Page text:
An interview with Björn from German Bravo magazine published in 1992, the year that ABBA returned to the top of the charts with their best-selling compilation album ABBA Gold.
In the seventies, ABBA was the ultimate supergroup. With accessible, perfect pop songs the Swedish foursome scored one hit after another. Singer Agnetha Fältskog was married to founder and guitarist Björn Ulvaeus, singer Anni-Frid Lyngstad got married to composer and pianist Benny Andersson in October 1978. Son Peter is now starting his own band One More Time. In 1982, the band dissolved after eight extremely successful years.
Ten years later ABBA fever is in full swing. Erasure are dressing up like Agnetha and Anni-Frid, U2 played ‘Dancing Queen’ at their Stockholm concert, ABBA themselves found themselves in the charts again with their 1976 hits.
Bravo talked to ABBA-founder Björn Ulvaeus about the background of their incredible success.
Bravo: How do you explain the fact that ABBA is completely trendy again after ten years?
Björn: “I can only explain this renewed success with the possibility that people are getting tired of the fifties and the sixties. Lately, they have been milked dry to the last drop. Now it’s time for the seventies. And since we were rather authoritative during that time, it’s only natural that we’re now present again as well.”
Bravo: So what do you think about Erasure’s version and their dressing up as drag-queens?
Björn: “I don’t really look upon that as a parody of us at all. On the contrary, I’m flattered. They are paying tribute to us by doing what they do. I know that they grew up with our music, therefore it’s only natural that they want to play it as well. And I don’t mind them experimenting a little.”
Bravo: Do you miss the old times?
Björn: “No, not at all. Not one tiny bit!”
Bravo: Then there are no plans to take this opportunity and perform together again?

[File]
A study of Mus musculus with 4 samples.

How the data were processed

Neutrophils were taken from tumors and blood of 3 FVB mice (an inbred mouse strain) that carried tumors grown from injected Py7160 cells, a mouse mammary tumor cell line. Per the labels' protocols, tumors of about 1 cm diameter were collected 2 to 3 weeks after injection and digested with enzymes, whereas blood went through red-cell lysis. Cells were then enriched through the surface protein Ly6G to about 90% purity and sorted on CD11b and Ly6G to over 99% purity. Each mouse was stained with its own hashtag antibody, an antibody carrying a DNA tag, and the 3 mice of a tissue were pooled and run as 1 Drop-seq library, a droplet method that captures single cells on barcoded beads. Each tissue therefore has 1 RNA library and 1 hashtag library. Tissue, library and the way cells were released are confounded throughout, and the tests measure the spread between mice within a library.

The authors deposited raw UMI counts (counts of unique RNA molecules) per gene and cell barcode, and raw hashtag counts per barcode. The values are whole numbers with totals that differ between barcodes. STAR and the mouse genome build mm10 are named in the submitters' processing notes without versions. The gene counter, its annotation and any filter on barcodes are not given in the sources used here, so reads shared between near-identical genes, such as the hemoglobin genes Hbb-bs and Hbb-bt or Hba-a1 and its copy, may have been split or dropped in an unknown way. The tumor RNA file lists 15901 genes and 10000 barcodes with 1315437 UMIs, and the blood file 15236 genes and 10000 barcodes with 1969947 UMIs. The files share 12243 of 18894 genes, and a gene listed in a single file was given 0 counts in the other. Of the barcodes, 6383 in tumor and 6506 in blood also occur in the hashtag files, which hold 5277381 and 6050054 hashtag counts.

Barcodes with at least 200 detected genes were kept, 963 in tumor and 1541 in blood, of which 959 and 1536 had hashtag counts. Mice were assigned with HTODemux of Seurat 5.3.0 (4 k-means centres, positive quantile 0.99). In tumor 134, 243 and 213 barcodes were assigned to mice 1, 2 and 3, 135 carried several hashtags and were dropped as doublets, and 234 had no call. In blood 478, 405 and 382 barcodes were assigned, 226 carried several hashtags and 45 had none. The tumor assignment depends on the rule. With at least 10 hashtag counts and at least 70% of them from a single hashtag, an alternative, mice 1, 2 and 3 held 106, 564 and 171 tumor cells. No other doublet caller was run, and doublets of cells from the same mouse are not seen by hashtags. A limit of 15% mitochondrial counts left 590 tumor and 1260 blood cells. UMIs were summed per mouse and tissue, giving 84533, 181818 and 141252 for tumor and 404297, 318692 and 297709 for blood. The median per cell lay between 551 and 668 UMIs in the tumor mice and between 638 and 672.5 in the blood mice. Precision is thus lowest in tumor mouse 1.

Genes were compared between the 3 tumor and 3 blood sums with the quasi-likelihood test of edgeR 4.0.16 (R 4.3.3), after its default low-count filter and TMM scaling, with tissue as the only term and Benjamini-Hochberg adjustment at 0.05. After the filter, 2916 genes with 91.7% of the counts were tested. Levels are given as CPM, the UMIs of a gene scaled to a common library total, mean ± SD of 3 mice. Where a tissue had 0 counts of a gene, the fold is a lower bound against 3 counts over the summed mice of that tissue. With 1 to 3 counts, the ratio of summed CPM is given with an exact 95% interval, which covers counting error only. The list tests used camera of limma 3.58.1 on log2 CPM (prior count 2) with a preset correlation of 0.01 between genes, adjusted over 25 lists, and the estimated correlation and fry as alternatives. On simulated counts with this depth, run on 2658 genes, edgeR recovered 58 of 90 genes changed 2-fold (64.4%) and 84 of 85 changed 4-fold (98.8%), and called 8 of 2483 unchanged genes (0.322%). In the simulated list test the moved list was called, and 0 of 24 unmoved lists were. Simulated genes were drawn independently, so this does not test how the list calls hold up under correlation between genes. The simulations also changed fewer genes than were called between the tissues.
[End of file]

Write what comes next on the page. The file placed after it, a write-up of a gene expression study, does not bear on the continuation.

Björn: “I could imagine that their might be something that probably could bring us back together again, but at the moment I have no idea what that something might be. At the time, when we quit, we actually only wanted to take a break. We didn’t rule out the possibility of singing together again at some point in the future. But then the years went by, we all had our own projects, and then one day it just wasn’t to be anymore.”
Bravo: Did you fall out with each other?
Björn: “No, definitely not. We are still good friends and also see each other every now and then. Other rumours are simply not true. Although I write completely different songs today, I am still mighty proud of the things that I did in the past. But I see no reason to get back together again. Many groups have tried their hands at a comeback and mostly unsuccessful. It can even happen that the few good memories that are still left of the old times get tarnished as well. You should also be some kind of an exhibitionist, like Rod Stewart, to carry on. I’ve sufficiently paid my dues when it comes to tours and stress and everything else that comes along with the life of being a pop star.”
Bravo: You always had a clean-cut image and on top of that you got married to each other as well. That almost sounds too good to be true.
Björn: “That’s just the way we were. Things turned out as they did. First Benny met Frida and shortly after that I met Agnetha. We got along great. So it was only natural that we got married later on. Do you really think that Benny and I got it into our heads that we wanted to make music and become famous, and therefore needed two pretty singers that we would get married to. That would have been rather farfetched. And when you go on tour as two married couples, you behave in a different manner than five 18-year-old boys would do.”
Bravo: Together with Benny, you wrote the musical ‘Chess’ in 1985, that ran for years in London. Do you still make music today?
Björn: “I’m trying to get re-acquainted with pop music. At the moment, we’re writing songs for an album by Josefin Nilsson, a promising Swedish singer. And we’re also working on a new musical, that should be on stage in the autumn of 1994. It’s about Swedish emigrants in the nineteenth century and their fate while travelling to America. The book was written by the Swedish writer Vilhelm Moberg.”
Bravo: What are your fondest memories when you think about your time with ABBA?
Björn: “There are two clear things that have strongly remained in my memory. The first one is, when I sat down, thought and tried things and then hit on a good melody. Then I imagined how it would sound, went into the studio and played and played. When it was finished and I heard it through the loud-speakers and it really came out the way that I dreamed it would – that was a wonderful feeling.
The other was always at the beginning of a tour. We didn’t tour very often. During the eight years that ABBA existed, altogether we were less than nine months on the road. But always during the week of the shows, when you go on stage, say hello to the audience and notice how they react, how they go wild... those are impressions that remain.”